Chicago: McDonald's, the world's largest fast food restaurant chain is calling it quits from Russia. After more than 30 years of operations in the country, McDonald's Corporation announced its exit from the Russian market through its corporate website.
The preferred choice of instant food-seekers worldwide especially during their international travel, the restaurant in its website informed that it has initiated a process to sell its Russian business. Russia will hence miss the iconic golden arches, the hall mark of the burger-intensive eatery in prize real estate points.
McDonald's had earlier announced on March 8 its temporary closure of restaurants in Russia and pausing of its operations in the Russian market.
The company stated that "the humanitarian crisis caused by the war in Ukraine, and the precipitating unpredictable operating environment, have led McDonald's to conclude that continued ownership of the business in Russia is no longer tenable, nor is it consistent with McDonald's values."
After temporarily closing its 800-plus outlets in Russia, now the company has decided to leave Russia altogether.
It was following the glasnost in the communist country with an accompanying entry allowed to multi-national players in Russia's market that McDonald's opened its first Russian outlet in Moscow and then a chain in the once closed retail sector, mostly open only to government enterprises. But the company thence did not have to look back spreading its presence through over 800 outlets.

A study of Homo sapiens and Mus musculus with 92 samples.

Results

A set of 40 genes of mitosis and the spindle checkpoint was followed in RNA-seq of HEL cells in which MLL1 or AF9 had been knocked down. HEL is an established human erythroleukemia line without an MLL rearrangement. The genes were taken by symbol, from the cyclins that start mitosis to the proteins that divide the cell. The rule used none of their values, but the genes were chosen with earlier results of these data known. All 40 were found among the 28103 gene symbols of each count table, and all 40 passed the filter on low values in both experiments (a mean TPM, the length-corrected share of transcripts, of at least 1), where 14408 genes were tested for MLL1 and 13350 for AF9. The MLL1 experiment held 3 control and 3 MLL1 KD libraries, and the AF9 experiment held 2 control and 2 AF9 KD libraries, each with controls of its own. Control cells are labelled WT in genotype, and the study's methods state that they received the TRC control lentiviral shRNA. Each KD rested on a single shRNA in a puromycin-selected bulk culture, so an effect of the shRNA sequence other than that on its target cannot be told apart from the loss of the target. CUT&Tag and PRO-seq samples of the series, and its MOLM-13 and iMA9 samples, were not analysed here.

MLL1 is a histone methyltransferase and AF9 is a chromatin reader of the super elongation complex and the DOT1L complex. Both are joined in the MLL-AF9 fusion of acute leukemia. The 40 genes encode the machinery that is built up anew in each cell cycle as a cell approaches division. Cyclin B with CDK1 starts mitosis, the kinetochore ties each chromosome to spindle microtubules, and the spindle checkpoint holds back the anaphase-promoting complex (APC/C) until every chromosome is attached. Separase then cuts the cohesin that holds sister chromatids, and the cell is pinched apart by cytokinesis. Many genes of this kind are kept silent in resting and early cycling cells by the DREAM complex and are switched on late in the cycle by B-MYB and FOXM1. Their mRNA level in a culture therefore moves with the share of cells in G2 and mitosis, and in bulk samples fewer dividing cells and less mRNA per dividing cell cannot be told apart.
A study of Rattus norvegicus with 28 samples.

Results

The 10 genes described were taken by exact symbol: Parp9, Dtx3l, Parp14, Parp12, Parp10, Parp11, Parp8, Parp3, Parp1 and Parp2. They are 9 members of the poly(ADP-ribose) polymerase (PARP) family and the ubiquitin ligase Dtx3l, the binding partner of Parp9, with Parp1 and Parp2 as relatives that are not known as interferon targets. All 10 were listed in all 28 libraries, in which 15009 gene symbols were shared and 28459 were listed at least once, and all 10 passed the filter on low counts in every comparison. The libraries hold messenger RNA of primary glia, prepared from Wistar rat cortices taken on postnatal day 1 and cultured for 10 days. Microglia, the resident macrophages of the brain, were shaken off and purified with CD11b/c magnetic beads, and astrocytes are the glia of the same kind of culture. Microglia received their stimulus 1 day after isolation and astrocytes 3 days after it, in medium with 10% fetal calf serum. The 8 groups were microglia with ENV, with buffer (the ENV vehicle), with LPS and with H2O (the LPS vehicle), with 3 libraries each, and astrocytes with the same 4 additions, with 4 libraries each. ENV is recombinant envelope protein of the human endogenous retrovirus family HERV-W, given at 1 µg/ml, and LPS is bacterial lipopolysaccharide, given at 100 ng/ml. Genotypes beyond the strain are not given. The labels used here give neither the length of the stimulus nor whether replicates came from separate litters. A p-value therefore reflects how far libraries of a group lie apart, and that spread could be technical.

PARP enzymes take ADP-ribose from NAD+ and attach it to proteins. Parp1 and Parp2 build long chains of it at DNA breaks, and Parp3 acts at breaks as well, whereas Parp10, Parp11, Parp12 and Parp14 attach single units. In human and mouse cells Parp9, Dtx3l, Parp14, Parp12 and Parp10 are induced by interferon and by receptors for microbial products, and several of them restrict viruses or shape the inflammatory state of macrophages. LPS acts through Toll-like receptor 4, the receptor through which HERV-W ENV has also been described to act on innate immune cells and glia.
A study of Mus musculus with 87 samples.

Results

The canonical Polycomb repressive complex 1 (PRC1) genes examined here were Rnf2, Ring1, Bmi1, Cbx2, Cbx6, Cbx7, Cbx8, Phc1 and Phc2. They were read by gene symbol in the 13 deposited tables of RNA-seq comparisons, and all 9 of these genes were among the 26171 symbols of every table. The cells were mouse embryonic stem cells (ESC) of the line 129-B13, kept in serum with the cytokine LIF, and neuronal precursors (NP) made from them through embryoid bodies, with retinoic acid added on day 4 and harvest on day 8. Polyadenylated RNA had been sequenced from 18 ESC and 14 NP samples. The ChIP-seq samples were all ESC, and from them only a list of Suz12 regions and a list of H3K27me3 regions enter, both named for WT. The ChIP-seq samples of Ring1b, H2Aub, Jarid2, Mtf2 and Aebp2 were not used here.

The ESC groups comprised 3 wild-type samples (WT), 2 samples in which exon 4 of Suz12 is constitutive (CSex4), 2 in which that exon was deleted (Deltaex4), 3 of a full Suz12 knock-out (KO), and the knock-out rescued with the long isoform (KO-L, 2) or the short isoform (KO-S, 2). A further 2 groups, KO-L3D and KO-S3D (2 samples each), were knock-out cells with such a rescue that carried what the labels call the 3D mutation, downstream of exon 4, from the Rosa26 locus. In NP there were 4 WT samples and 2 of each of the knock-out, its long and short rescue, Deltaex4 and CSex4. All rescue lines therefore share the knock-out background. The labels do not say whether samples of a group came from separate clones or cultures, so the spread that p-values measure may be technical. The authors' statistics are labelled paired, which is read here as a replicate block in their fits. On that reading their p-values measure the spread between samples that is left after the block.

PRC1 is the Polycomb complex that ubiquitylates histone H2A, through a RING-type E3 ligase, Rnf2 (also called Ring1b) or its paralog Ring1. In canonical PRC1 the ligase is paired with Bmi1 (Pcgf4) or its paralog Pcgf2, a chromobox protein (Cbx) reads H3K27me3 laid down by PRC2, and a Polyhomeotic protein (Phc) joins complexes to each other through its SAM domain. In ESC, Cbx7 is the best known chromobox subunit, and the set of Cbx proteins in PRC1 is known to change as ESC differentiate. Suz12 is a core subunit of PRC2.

The company is pursuing the sale of its entire portfolio to a local buyer, but that will be limited to the physical infra-structure; its name, logo, branding and menu will not be part of the sale. All the same the Company says, it will continue to retain its trademarks in Russia. Most of McDonald's outlets operate through local franchisees.
McDonald's also says that its " priorities include seeking to ensure the employees of McDonald's Russia continue to be paid until the close of any transaction and that employees have future employment with any potential buyer."
McDonald's President and Chief Executive Officer, Chris Kempczinski, said, "We have a long history of establishing deep, local roots wherever the Arches shine. We're exceptionally proud of the 62,000 employees who work in our restaurants, along with the hundreds of Russian suppliers who support our business, and our local franchisees. Their dedication and loyalty to McDonald's make today's announcement extremely difficult. However, we have a commitment to our global community and must remain steadfast in our values. And our commitment to our values means that we can no longer keep the Arches shining there."
Meanwhile, McDonald's have closed its outlets in Ukraine, but the company continues to pay full salaries to its employes and "continues to support local relief efforts led by Ronald McDonald House Charities". That support, says McDonald's, is being offered across Europe where Ukrainian refugees have been arriving.
The closure of outlets in the two countries, is expected to cost the company dear, estimated at approximately $1.2-1.4 billion in non-cash write off of its net investment in the market plus significant foreign currency translation losses previously recorded in shareholders' equity.